Backstory: How to write backstory effectively
Backstory is important. Having the reader learn more about your character’s past can help them understand who they are and how they’ll react in certain situations.
However, there’s a fine line between giving useful information to your reader and boring them to tears! It’s important — vitally important — to seed backstory sparingly, and also at the right time.
So when is the right time to seed backstory? How do we go about it? Let’s take a look…
How to seed backstory:
Hold Back As Much As Possible
One trick to keep readers engaged is to leave unanswered questions dangling as long as you can. It can be much more satisfying for a reader to not quite understand why Rosie screamed so loud when her friend banged the door rather than explaining it outright.
Of course, we don’t want to keep this information hidden forever, that would be frustrating, but keeping your reader guessing is a great way to keep the pace of your story driving forward. Backstory can sometimes just slow you down.
Ask yourself: does the reader need to know this piece of information right this second? Would it be more effective to hold it back, or seed it in right away? Learning this balance can really enhance your story.
Show Don’t Tell
We know, we know, this is a cliché you’re probably sick of hearing, but it is so important when we’re talking about backstory. Let’s look at these examples:-
The drawer was jammed. John yanked at the handle, hard — too hard — he jolted back like he’d hit a live wire, struggling to breathe. The familiar pain sent a cold shiver straight through him. He pressed his palm instinctively against his side, expecting blood, but it was an old wound now. Even after all this time, it never had quite healed. Like a lot of things from that terrible night. John tried the drawer once more, straining through gritted teeth. At last it opened.
The drawer was jammed. John yanked at the handle, and when he did the pain erupted. His stab wound was seven months old, sealed shut but still angry as hell. He’d been walking home from work, and bam! Out of nowhere a man tried to steal his wallet. There was a scuffle, they fell to the ground, and that’s when John had felt it: the cold slither of ice as the knife went in. It was the worst night of his life, changing him forever. John tried the drawer once more, straining through gritted teeth. At last it opened.
Out of these two examples, which one makes you more intrigued?
In example one, we’re showing the reader how John has been affected by a mystery event in his past. We don’t have all the details yet, but it’s intriguing. In example two, we’re telling the reader exactly what happened, right up front. Hopefully you can recognise how it slows down the pace of the narrative and it strips the paragraph of tension.
Is it essential for the reader to know every last detail straight away? Or is it more effective to keep the pace — keep the sense of mystery — and seed it in later on?
Sometimes knowing just enough is much more intriguing than having the entire backstory given to you on a platter.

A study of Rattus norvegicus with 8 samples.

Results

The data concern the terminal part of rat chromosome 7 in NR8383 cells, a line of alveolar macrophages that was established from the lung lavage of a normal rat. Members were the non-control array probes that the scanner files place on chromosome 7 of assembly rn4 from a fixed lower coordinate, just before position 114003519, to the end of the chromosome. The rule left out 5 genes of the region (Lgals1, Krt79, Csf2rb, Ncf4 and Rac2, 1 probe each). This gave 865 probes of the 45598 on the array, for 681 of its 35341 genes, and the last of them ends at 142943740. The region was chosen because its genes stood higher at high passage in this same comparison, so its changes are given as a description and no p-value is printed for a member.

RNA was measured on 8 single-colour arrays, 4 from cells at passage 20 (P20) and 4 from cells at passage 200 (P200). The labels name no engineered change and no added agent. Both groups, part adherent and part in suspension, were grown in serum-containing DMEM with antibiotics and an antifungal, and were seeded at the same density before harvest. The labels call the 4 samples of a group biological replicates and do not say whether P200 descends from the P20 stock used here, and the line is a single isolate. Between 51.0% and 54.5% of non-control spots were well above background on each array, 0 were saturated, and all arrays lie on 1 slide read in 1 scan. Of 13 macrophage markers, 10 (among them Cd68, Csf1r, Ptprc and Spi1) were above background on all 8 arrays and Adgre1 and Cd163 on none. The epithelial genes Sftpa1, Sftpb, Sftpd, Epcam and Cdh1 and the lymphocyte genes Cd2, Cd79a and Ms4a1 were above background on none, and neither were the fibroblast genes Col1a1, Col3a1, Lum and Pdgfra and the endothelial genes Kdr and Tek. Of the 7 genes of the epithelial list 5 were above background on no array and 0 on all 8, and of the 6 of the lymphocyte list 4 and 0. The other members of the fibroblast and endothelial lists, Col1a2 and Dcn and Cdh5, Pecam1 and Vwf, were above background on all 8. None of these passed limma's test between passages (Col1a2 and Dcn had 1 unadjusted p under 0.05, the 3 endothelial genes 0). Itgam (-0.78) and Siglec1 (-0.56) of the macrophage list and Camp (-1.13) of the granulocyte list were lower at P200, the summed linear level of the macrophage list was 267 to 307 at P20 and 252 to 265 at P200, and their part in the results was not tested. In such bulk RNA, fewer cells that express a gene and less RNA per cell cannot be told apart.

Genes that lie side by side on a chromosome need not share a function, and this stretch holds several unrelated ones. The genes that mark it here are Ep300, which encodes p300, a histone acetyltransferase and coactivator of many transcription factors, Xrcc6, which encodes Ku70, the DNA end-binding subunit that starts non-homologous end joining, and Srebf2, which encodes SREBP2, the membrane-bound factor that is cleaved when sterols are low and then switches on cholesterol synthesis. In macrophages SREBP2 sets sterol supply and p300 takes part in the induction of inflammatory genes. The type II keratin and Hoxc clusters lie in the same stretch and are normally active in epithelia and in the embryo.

Remember: too much backstory at once can kill the pace of your story. You need to learn how to drip-feed it in. Big chunks of backstory (often known as an “info-dump”) are bad bad bad for your reader!
Backstory: Why should we care?
Another mistake when it comes to backstory is loading it all up at the front, right at the beginning, when we haven’t given the reader a chance to care about your character yet. You need to let your reader know the story — get pulled in by the hook — before we start off-loading backstory.
The reader is interested in the NOW. The reader has been given the seed to the story which is happening ahead of them. The last thing they want to do is do a U-turn and learn about how the protagonist was bullied at school. Keep the momentum going forward, in the direction of your story, and only stop to seed something when you absolutely have to.
What should you seed?
Well, the simple answer is: only what is relevant. You might have done a ton of character work — which is great! And encouraged! — you might know that your protagonist likes only crunchy peanut butter, and they hate summer, and they don’t buy leather, and they used to read Dune over and over when they were little.
Knowing all the little details is important — essential, even — to shaping your character. As the writer you need to know how your character would react in any given situation. But that doesn’t mean the audience needs to know all these little things too.
Think of someone you know quite well. Not a best friend, but maybe a work colleague or a family friend. You could probably imagine how they might react if they, say, were asked to cliff jump. You would probably know how they might react because you know bits about who they are.
You probably have never explicitly asked them their cliff-jumping preferences, but you could have a good guess. Would they be up for it? Would they laugh at the idea? Or would they be scared to death?
You don’t have to know every little thing about a character in order to know fundamentally who they are and how they’ll react.
- It’s important that you know all the little character details as a writer, but you need to see the difference between what is important to you and what is important to the reader.
Holding back information as long as you can is often much more enticing for a reader than giving them everything up front.
Don’t dump backstory in at the beginning of all places. This is a place to keep the pace up and get your reader hooked. Don’t slow them down!
- Wherever possible, show the effects of your character’s past, rather than tell the audience what’s happened.